The 2014 World Report - Egypt

 

Excerpt:

Prior to his removal, President Morsy’s Muslim Brotherhood-dominated government had shown disregard for rights protections, with an increase in the prosecutions of journalists, police abuse, and sectarian violence. In December 2012, 33 percent of eligible voters (the lowest turnout for any poll since the 2011 uprising) approved Morsy’s controversial new constitution by 64 percent in a referendum. The constitution further undermined key rights protections following Morsy’s November 2012 Constitutional Declaration which immunized his decisions from judicial review. Legislation issued by the Shura Council, Egypt’s interim legislative body following the June 2012 dissolution of the People’s Assembly, included deeply restrictive draft public assembly and draft associations laws.


Summary: The Egyptian Orthodox Christian community—the Copts—has been the tar- get of violence and discrimination since the 1970s and especially following the revolution that overthrew Hosni Mubarak. The Egyptian state has done little to remedy the situation and has at times enabled the conflict between Muslims and Christians. Achieving religious freedom and equality depends on building state institutions that can guarantee all citizens’ constitutional rights.

 

Violence Against Copts in Egypt

The Egyptian Orthodox Christian community—the Copts—has been the target of violence and discrimination since the 1970s and especially following the revolution that overthrew Hosni Mubarak. The Egyptian state has done little to remedy the situation and has at times enabled the conflict between Muslims and Christians. Achieving religious freedom and equality depends on building state institutions that can guarantee all citizens’ constitutional rights.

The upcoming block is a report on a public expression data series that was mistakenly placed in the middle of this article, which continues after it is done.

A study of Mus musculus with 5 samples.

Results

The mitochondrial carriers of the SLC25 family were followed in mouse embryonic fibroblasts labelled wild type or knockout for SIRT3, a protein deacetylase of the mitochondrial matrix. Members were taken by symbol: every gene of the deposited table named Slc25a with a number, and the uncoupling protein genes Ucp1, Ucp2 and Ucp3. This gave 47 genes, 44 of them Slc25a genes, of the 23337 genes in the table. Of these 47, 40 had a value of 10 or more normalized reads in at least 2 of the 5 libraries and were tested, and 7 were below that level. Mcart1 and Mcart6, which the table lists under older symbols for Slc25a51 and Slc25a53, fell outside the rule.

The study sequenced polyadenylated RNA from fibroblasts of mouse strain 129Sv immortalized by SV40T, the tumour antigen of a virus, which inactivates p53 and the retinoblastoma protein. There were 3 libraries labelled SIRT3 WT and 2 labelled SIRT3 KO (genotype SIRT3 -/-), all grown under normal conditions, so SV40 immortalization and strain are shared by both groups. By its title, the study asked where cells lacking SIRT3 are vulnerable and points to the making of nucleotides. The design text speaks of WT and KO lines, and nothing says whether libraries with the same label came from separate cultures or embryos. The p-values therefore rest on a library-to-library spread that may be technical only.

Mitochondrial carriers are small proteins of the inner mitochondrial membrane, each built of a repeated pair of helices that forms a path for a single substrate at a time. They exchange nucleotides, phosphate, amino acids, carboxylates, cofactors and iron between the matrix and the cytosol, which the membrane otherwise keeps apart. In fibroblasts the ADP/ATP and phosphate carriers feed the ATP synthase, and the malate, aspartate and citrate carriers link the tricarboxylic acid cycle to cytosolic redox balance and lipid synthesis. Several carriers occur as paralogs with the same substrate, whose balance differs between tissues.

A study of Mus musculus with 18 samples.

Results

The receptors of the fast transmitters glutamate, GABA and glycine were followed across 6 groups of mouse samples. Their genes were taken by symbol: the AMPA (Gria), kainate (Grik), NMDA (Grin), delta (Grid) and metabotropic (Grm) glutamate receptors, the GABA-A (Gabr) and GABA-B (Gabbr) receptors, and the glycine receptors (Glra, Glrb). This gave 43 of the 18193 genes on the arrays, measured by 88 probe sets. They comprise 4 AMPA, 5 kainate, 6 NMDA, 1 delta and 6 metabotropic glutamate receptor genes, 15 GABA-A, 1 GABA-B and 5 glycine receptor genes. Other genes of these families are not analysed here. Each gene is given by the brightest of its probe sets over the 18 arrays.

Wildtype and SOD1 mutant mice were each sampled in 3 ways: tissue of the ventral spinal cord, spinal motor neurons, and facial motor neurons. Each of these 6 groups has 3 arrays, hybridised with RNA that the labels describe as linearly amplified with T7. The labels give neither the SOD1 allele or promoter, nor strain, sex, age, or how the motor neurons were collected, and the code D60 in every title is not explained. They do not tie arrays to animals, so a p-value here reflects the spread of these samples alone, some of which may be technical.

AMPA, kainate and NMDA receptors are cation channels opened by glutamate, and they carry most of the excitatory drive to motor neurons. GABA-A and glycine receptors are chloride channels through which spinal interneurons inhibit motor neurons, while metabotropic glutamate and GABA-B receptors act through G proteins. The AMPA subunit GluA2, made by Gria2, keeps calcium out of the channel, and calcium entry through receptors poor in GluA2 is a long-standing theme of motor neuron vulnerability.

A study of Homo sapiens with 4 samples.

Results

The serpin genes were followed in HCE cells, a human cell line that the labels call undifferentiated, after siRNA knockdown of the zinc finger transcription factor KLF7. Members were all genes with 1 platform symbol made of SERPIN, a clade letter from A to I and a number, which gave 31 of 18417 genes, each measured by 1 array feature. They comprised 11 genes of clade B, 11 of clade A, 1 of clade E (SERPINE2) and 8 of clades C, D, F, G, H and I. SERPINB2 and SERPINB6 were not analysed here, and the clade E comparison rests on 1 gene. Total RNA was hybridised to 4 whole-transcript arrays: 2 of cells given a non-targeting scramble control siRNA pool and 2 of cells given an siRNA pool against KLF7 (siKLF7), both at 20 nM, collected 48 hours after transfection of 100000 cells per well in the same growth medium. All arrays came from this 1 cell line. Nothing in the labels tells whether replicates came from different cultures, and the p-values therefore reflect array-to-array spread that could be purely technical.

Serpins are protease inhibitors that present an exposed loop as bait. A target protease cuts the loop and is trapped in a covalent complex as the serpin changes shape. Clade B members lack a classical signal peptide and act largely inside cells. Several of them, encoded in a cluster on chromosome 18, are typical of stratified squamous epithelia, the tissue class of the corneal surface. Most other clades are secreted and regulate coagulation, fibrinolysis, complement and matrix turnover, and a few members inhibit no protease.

MASS ATTACK ON CHURCHES IN EGYPT

On 14 August 2013, 64 churches, schools and other Coptic community buildings, and 390 private homes and businesses were vandalized and set ablaze by Islamists.
This may be the largest number of attacks in one day since 16 May, 1320,under the Mamluks'rule.


On 15 October 1970, Anwar El Sadat succeeded Gamal Abdel Nasser as President of Egypt. Viewed as a mediocre man, Sadat's true qualities were not realized by Nasser's old guard until it was too late.

Having crushed his internal opponents in May 1971, Sadat faced the overwhelming challenge of trying to find a way out of the predicament Egypt was in after its humiliating defeat by Israel in 1967. After some hesitation, he finally moved forward by launching an attack on Israel on 6 October 1973. The initial success of the Egyptian war effort gave the country a new sense of pride and its leader a much-needed legitimacy.


Coptic Solidarity 2015 Conference

The Annual Conference was held in Washington, D.C. on June 11-13, 2015.